Elizabeth Holmes’s

request to keep her emails with law firm Boies Schiller Flexner LLP out of her coming criminal fraud trial.

Ms. Holmes, who faces wire fraud charges for allegedly deceiving investors and patients about her blood-testing company, had argued that 13 documents showing communications she exchanged with Boies Schiller lawyers were protected by attorney-client privilege.

U.S. Magistrate Judge

Nathanael Cousins

disagreed, writing in a short ruling Thursday that Ms. Holmes had no direct attorney-client relationship with the firm, led by famed litigator

David Boies.

The firm served as legal counsel to the company, not her, the judge said. A receiver tasked with winding down Theranos after it closed its doors in 2018 waived the company’s privilege to the documents, the judge said.

Ms. Holmes has pleaded not guilty to the charges against her and faces a late-August trial. If convicted, she could face a 20-year sentence.

Until cutting ties with Theranos in 2016, Mr. Boies was one of the company’s fiercest defenders against questions about its technology and operations. He served as a director on the Theranos board, and Boies Schiller was paid for some of its Theranos work in company stock, The Wall Street Journal reported.

Representatives for Boies Schiller didn’t immediately respond to requests for comment.

The documents at issue, according to court filings and statements in court by Ms. Holmes’s lawyers, are emails sent between 2013 and 2016 that discussed how Theranos should respond to the media, investors and regulators, including discussion of a potential legal action Ms. Holmes might pursue against the Journal.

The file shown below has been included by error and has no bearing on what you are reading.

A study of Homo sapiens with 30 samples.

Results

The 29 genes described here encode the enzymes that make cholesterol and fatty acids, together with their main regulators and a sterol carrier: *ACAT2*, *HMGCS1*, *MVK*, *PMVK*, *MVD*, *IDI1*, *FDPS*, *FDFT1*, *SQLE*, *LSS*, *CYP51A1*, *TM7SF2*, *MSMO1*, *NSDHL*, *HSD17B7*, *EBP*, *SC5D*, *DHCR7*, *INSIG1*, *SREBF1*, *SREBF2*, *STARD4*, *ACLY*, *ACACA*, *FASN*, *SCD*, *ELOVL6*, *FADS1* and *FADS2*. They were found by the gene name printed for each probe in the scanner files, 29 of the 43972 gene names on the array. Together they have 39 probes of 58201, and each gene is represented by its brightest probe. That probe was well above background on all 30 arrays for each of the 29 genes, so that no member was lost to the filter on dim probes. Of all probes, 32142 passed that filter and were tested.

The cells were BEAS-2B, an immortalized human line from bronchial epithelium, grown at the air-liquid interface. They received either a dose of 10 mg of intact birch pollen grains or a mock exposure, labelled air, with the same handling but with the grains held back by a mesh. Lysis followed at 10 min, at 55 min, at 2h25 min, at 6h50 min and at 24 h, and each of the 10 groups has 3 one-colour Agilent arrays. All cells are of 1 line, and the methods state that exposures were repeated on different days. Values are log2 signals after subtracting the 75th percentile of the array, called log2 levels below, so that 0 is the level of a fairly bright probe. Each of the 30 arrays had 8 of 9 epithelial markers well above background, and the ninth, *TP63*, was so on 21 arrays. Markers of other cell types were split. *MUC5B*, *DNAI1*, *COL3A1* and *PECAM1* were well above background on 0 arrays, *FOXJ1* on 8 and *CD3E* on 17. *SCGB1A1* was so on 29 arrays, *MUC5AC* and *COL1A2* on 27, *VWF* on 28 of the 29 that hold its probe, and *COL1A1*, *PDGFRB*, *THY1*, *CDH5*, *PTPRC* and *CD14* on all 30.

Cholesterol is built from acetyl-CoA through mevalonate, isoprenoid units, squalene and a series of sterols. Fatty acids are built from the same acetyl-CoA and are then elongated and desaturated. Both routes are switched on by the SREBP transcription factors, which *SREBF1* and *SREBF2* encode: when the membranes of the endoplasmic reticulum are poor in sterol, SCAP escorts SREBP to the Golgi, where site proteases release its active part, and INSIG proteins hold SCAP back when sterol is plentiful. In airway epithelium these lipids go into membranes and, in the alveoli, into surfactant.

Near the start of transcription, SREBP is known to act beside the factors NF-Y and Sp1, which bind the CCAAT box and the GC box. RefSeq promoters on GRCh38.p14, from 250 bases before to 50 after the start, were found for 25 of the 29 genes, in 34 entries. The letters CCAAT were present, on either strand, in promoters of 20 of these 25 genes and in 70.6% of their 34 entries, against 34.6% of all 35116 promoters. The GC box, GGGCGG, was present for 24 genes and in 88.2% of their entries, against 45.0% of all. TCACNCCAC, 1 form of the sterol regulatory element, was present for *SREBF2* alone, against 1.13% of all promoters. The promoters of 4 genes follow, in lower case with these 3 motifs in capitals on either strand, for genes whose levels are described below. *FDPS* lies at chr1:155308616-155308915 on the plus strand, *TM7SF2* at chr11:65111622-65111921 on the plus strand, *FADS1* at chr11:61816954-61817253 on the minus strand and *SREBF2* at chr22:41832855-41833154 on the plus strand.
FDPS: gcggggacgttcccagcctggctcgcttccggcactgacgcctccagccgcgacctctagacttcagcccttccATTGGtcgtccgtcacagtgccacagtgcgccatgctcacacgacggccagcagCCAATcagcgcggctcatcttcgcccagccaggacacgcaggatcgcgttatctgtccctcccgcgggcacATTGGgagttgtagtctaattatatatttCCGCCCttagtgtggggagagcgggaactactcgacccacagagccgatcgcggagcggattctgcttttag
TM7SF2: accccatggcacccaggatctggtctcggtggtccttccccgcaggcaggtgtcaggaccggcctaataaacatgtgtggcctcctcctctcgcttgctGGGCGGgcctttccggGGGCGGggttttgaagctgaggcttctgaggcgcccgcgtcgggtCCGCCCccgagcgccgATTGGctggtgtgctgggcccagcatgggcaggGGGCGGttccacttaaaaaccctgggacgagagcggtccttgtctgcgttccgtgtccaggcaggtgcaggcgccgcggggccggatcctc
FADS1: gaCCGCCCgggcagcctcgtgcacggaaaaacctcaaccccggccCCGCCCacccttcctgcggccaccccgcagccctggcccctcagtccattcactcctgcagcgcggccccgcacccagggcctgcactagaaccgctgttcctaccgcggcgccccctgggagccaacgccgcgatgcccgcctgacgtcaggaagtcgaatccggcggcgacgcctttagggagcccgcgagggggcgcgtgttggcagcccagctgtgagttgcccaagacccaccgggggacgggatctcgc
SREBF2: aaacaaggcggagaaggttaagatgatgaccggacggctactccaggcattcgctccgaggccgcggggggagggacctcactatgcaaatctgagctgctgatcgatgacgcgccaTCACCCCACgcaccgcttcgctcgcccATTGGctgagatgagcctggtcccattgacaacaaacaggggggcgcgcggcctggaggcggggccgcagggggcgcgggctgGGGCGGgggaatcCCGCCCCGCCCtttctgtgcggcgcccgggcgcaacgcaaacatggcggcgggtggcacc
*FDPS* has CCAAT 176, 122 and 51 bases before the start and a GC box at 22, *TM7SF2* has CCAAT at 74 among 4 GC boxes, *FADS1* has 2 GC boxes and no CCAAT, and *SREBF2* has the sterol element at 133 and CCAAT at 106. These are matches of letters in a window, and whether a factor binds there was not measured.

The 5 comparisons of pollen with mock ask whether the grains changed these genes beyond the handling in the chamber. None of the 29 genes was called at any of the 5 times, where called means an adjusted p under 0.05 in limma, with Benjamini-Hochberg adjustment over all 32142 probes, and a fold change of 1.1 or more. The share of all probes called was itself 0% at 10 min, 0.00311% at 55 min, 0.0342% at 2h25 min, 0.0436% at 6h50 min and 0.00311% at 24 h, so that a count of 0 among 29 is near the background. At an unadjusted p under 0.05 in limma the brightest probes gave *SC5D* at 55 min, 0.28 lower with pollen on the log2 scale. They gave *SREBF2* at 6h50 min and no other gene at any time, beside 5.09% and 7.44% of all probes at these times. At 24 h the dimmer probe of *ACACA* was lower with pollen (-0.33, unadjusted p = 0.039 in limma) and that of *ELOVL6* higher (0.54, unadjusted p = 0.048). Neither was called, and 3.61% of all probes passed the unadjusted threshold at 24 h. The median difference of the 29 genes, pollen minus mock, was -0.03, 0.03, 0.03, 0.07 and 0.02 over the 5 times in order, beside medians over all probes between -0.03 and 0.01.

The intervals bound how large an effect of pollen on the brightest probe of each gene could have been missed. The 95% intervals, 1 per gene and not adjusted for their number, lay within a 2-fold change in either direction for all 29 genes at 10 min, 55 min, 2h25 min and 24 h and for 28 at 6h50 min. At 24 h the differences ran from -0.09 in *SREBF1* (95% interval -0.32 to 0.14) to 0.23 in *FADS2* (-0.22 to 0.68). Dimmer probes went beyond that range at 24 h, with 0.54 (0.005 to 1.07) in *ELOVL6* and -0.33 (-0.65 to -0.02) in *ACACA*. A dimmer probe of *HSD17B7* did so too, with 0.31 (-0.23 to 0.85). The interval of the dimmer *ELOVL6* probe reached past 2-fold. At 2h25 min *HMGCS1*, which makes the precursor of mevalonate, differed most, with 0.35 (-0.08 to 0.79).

The criminal charges Ms. Holmes faces followed reporting in the Journal that revealed failings in Theranos’s business practices and technology, which purported to test for a variety of health conditions from a few drops of blood extracted from a finger prick.

Boies Schiller began representing Theranos in 2011 in an intellectual-property dispute. The relationship grew to include offering advice on the Silicon Valley startup’s patent portfolio, interactions with the press and inquiries from government agencies, according to the Thursday ruling.

Judge Cousins said Ms. Holmes failed to show that the law firm and Mr. Boies were advising her in a personal capacity in addition to their work for Theranos. He also noted that none of the contested documents include conversations solely between Ms. Holmes and lawyers at Boies Schiller. All the emails include other senior Theranos employees or in-house attorneys, which the judge said cut against her privilege argument.

Write to Sara Randazzo at sara.randazzo@wsj.com

Copyright ©2020 Dow Jones & Company, Inc. All Rights Reserved. 87990cbe856818d5eddac44c7b1cdeb8

Appeared in the June 4, 2021, print edition as ‘Theranos Founder’s Bid To Shield Emails Fails.’